COSLA Meeting March. 6th, 2014 (Skid Row specific) as explained by Tom Grode


TIME: 1:00 PM TO 2:30 PM
              802 EAST 6TH ST.


FOR MORE INFO: Sara Hrynik at or 303-669-9996 or Melinda Gejer at or 213-202-2602



(COSLA, explained by Tom Grode):

Creative Open Space Los Angeles – Downtown (COSLA-Downtown) is a project spearheaded by the City of Los Angeles Department of Recreation and Parks that is completely driven by community inputCommunity input isn’t an aspect of COSLA; it’s the essence of it. RAP (Rec & Parks) will be gathering input through surveys and workshops to ask stakeholders to identify ways to create a greener, more livable Downtown alternative to large, traditional park space, as well as identifying locations or areas where these creative open spaces should be.

Walking every street and alley in DTLA.  That began Creative Open Space Los Angeles (COSLA), courtesy of the feet of Melinda Gejer and Sara Hrynik.

A never-been-done-before community focused approach to urban planning, Melinda Gejer, City Planning Associate with Rec and Parks, and Sara Hrynik, Student Worker with Rec and Parks, combined their discoveries of hidden and undeveloped space with eight basic uses of open space: Community Garden, Pocket Park, Green Alley, Pedestrian Street, Parklet, Farmers Market, Plaza/Town Square, and Pedestrian Amenities.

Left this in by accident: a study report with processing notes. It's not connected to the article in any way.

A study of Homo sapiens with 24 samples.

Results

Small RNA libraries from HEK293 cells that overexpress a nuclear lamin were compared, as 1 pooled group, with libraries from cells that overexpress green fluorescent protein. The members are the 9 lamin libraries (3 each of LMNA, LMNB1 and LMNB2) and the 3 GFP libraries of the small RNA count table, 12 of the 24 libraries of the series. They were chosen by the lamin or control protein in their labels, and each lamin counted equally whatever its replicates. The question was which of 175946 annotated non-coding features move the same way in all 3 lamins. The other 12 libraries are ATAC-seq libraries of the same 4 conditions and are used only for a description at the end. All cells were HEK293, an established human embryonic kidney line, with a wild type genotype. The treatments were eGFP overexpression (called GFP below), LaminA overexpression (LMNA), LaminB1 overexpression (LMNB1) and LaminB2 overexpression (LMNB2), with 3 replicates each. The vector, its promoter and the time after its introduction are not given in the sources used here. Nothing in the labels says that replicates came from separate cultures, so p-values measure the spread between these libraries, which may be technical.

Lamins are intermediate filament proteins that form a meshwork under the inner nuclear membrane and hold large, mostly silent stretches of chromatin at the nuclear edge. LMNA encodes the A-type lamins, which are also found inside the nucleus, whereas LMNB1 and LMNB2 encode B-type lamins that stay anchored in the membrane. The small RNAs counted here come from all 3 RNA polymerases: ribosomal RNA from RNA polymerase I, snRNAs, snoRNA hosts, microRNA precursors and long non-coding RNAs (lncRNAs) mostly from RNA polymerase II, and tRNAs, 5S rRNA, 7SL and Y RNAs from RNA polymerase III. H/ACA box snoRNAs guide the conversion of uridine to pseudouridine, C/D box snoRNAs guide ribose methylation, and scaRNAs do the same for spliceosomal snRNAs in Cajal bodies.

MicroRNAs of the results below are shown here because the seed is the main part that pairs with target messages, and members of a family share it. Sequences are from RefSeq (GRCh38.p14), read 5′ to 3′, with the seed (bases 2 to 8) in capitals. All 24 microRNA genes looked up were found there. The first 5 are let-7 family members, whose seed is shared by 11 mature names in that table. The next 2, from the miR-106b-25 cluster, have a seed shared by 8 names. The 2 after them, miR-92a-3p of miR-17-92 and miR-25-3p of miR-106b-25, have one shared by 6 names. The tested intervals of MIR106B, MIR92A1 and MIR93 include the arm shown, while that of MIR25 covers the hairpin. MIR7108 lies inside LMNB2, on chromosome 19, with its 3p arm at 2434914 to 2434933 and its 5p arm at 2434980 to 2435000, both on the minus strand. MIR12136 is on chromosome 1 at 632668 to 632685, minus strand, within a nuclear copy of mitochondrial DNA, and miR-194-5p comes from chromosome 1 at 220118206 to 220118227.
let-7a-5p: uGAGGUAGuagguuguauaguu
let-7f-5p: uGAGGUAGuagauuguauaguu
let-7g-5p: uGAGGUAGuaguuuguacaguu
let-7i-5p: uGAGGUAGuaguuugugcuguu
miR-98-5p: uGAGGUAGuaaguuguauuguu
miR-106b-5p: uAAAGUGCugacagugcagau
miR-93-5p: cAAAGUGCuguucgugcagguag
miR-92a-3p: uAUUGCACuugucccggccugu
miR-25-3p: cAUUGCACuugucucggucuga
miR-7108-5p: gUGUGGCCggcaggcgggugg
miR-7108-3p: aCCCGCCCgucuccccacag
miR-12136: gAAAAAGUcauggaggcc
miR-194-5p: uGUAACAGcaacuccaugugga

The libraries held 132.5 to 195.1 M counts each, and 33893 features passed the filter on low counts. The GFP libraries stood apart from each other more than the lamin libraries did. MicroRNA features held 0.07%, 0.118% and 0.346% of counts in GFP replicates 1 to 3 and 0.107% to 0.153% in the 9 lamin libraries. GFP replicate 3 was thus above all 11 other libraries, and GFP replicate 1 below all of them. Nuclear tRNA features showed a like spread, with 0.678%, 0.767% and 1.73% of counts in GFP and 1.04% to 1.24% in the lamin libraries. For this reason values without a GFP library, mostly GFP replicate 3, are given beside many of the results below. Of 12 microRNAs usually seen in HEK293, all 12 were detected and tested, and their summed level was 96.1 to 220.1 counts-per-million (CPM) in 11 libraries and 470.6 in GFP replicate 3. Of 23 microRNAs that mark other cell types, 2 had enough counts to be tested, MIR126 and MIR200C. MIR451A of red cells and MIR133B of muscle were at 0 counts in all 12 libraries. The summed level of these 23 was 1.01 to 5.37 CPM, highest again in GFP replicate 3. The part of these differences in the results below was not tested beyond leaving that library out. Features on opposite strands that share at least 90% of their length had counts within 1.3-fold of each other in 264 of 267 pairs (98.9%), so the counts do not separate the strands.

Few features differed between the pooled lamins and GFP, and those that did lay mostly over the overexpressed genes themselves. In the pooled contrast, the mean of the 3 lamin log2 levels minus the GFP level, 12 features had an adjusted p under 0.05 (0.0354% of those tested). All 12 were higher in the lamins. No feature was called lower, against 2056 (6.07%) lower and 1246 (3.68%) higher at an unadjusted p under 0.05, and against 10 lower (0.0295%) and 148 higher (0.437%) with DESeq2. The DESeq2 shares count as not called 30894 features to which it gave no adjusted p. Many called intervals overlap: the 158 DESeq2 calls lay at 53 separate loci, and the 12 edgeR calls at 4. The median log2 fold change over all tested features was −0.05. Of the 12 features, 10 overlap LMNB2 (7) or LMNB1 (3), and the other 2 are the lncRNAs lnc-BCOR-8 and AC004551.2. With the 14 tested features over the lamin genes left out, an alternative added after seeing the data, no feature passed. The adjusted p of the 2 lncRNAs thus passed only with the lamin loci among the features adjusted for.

The weekly Skid Row Park Committee held at UCEPP (United Coalition East Prevention Project) welcomed Gejer and Hrynik to their December 6th meeting after Katherine McNenny suggested they attend, knowing that representitives from Council District 14 would be there too. Katherine became aware of the UCEPP meetings through knowing Kevin Michael Key, who is very active with the DLANC Parks Committee and is a sitting Board Member of DLANC (Katherine being the Public Chair of the DLANC Parks Committee). Community park volunteers enthusiastically embraced the chance to “vote” for uses of open space and get the word out to Skid Row.

Gejer and Hrynik, along with several USC interns, will be collecting public input through the questionaire for the next couple months.  The next step will be to pull it all together into a preliminary report to then have another series of public gatherings.

Creative Open Space Los Angeles is expected to finish the summer of 2014 and the result will be a comprehensive look at community priorities distributed to all parts of City government and every non-profit in DTLA.

By Tom Grode

Blogger’s note: The views expressed in this blog post are those of the author and do not necessarily reflect the position of the Trees on San Pedro Street Project editrix, Ms. McNenny. This is a Community improvement blog and not faith-based.